Total Records ( 2 ) for A.S. Agbaji
  B.C. Akin-Osanaiye , A.S. Agbaji and M.A. Dakare
  The antimicrobial potentials of essential oils and extracts from the leaves of Cymbopogon citratus (Lemon grass), Eucalyptus citriodora and Eucalyptus camadulensis were tested on Salmonella typhi, Staphylococcus aureous and Escherichia coli. Both the water extract and freeze dried extract of these leaves were used. Zone of inhibition measurement showed that Eucalyptus citriodora oil was very effective against Salmonella typhi and found to suppress growth of the organism after 24 h of incubation. Similar observation was made with a combined extract of Eucalyptus citriodora oil and lemon grass oil. Lemon grass oil was observed to possess high antimicrobial activity on all the three organisms tested while Eucalyptus camadulensis is very active against Staphylococcus aureus. Both the freeze dried extracts and the viscous extracts possess slight antimicrobial activity while in all cases, the aqueous extracts have no effects on the organisms.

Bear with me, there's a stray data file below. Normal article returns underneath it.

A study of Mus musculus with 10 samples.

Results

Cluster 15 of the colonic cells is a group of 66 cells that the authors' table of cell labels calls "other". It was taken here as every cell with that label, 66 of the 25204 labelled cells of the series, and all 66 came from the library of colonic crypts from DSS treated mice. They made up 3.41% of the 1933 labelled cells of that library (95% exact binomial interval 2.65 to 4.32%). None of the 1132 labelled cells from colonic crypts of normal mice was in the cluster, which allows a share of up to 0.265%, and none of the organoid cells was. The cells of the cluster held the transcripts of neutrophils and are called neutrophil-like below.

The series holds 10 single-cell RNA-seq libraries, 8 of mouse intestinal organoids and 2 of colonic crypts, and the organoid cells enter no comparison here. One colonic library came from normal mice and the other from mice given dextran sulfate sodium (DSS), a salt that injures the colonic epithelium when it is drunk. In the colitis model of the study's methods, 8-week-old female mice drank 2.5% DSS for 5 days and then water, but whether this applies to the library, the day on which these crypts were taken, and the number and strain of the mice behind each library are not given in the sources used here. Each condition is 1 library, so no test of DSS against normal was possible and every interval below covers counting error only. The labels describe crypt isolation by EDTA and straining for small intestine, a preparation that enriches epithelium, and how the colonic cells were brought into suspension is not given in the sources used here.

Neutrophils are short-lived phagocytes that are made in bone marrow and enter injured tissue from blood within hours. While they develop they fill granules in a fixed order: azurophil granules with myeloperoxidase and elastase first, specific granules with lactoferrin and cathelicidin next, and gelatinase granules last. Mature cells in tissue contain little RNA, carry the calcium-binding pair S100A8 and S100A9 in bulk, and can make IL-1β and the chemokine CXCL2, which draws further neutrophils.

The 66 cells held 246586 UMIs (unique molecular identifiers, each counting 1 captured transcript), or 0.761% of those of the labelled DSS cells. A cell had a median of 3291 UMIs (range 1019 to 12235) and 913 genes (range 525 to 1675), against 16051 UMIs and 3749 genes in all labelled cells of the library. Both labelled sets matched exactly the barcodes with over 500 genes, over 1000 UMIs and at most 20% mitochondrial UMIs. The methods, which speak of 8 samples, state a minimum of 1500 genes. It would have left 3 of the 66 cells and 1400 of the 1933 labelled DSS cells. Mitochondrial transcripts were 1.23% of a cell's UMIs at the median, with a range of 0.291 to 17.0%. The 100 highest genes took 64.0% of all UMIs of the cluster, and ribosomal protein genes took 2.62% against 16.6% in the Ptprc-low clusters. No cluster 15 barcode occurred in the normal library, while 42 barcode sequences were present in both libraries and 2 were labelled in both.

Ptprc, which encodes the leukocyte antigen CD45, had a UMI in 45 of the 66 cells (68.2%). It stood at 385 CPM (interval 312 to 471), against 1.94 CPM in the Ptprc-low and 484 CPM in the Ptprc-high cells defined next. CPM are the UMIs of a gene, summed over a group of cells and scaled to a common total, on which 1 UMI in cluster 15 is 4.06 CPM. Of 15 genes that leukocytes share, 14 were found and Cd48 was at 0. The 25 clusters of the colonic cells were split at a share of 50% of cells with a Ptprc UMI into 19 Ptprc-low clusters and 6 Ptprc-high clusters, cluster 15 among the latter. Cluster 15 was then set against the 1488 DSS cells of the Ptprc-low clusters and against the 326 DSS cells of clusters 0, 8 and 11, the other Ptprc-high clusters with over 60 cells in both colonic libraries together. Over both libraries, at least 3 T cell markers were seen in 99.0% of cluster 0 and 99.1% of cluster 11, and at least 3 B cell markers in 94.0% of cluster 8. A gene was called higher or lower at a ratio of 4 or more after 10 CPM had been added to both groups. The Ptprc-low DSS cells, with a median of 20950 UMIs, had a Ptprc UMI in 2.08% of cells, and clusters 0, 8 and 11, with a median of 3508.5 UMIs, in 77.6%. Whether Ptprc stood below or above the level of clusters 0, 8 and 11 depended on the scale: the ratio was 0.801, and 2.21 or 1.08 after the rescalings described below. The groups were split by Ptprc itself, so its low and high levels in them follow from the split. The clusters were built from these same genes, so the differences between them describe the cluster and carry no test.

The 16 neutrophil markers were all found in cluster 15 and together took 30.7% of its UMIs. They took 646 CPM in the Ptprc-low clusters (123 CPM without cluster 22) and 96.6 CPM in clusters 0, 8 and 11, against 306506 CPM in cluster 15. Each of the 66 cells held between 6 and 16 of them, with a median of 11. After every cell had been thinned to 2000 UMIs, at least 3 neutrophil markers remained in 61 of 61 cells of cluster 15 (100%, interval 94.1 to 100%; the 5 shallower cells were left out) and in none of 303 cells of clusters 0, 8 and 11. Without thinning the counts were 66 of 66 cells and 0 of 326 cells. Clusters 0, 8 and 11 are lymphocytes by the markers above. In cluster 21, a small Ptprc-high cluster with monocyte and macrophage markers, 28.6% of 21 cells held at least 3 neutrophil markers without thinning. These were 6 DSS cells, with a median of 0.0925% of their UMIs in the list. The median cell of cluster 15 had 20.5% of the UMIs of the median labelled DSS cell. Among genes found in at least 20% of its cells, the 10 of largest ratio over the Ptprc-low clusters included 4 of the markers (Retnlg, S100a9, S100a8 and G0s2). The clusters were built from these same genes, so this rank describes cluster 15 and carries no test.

G.S. Bawa , M. Orunmuyi , A.S. Agbaji , Z. Ladan and U.O. Okekeifi
  A feeding trial using sixty (60) weaner rabbits with an average initial live weight of 560 ± 0.80g was conducted to determine the effects of different methods of processing neem seeds on their performance and carcass characteristics. The rabbits were assigned to five dietary treatments based on their initial live weight and sex. There were twelve individually caged rabbits per treatment. The diets were formulated to be isonitrogenous (18% CP). Diet 1 (control) was a Maize-Groundnut cake based diet without neem seed. Diets 2, 3, 4 and 5 had raw milled neem seed (RMNS), hydraulic press neem seed cake (HNSC), Solvent Extracted neem seed cake (SNSC) and Expeller neem seed cake (ENSC) included at 20% level, respectively. Feed and water were offered ad libitum. Weekly feed intake and body weight changes were determined and feed efficiency calculated. At the end of the 63-day feeding trial, four rabbits per treatment were selected based on the group average weight and sacrificed for carcass evaluation. Blood samples were also obtained from the animals to evaluate Packcell volume (PCV), Haemoglobim (Hb) and Total protein (TP). The results showed that rabbits fed the processed neem seed cake diets had growth performance that were statistically comparable to those fed the control diet. Animals on processed neem seed cake diets had significantly (P< 0.05) improved performance over and above those fed the raw neem seed diets. Animals on raw neem seed cake diet had consistently low value for PVC, Hb and TP. The use of solvent extracted neem seed cake in rabbit diet was favoured in this study.